Connectivity alterations in autism reflect functional idiosyncrasy


Valk,  Sofie L.
Otto Hahn Group Cognitive Neurogenetics, MPI for Human Cognitive and Brain Sciences, Max Planck Society;
Institute of Neuroscience and Medicine, Research Center Jülich, Germany;


Cite as: http://hdl.handle.net/21.11116/0000-0009-5E58-C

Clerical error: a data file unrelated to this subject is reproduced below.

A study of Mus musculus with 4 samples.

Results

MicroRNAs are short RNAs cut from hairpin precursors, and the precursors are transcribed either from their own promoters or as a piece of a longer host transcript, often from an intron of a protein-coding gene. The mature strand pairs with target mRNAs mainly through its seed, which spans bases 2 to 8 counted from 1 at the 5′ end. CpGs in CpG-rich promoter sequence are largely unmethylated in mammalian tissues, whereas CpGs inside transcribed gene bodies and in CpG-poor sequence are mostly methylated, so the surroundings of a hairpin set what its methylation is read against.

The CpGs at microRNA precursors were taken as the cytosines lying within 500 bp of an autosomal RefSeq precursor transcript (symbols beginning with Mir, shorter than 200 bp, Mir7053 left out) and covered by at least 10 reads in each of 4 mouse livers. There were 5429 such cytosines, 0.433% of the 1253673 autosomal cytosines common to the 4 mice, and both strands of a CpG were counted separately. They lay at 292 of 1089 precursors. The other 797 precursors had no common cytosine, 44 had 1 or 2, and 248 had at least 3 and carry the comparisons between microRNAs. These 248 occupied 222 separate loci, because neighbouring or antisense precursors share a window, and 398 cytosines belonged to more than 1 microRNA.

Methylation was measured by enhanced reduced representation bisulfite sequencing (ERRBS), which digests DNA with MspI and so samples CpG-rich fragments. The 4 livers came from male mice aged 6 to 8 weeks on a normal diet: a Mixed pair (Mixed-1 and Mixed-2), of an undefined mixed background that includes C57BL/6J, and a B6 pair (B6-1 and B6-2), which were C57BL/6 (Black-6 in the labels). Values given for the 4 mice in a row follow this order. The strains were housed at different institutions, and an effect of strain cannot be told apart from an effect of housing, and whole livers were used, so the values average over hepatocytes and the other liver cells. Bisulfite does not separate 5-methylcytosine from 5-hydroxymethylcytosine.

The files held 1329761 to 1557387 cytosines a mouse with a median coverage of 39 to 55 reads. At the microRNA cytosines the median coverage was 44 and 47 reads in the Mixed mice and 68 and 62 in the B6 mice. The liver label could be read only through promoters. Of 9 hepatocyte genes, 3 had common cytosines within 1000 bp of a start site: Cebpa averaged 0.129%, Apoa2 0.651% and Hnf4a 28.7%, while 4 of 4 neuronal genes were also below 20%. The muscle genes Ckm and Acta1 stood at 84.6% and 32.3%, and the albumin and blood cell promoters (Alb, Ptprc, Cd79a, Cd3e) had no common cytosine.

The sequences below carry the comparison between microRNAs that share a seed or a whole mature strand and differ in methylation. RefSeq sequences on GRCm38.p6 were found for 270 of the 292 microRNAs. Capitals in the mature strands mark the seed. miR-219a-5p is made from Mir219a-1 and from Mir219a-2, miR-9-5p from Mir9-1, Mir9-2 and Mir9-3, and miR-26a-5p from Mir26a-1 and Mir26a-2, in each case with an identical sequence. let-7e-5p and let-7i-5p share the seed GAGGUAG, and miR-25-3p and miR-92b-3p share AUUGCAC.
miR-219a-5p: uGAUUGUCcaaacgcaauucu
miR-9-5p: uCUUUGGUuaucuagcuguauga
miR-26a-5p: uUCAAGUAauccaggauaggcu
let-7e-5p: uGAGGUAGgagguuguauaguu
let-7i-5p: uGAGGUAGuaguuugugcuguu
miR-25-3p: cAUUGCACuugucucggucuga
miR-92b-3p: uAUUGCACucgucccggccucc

Autism spectrum disorder (ASD) is commonly understood as an alteration of brain networks, yet case-control analyses against typically-developing controls (TD) have yielded inconsistent results. Here, we devised a novel approach to profile the inter-individual variability in functional network organization and tested whether such idiosyncrasy contributes to connectivity alterations in ASD. Studying a multi-centric dataset with 157 ASD and 172 TD, we obtained robust evidence for increased idiosyncrasy in ASD relative to TD in default mode, somatomotor and attention networks, but also reduced idiosyncrasy in lateral temporal cortices. Idiosyncrasy increased with age and significantly correlated with symptom severity in ASD. Furthermore, while patterns of functional idiosyncrasy were not correlated with ASD-related cortical thickness alterations, they co-localized with the expression patterns of ASD risk genes. Notably, we could demonstrate that patterns of atypical idiosyncrasy in ASD closely overlapped with connectivity alterations that are measurable with conventional case-control designs and may, thus, be a principal driver of inconsistency in the autism connectomics literature. These findings support important interactions between inter-individual heterogeneity in autism and functional signatures. Our findings provide novel biomarkers to study atypical brain development and may consolidate prior research findings on the variable nature of connectome level anomalies in autism.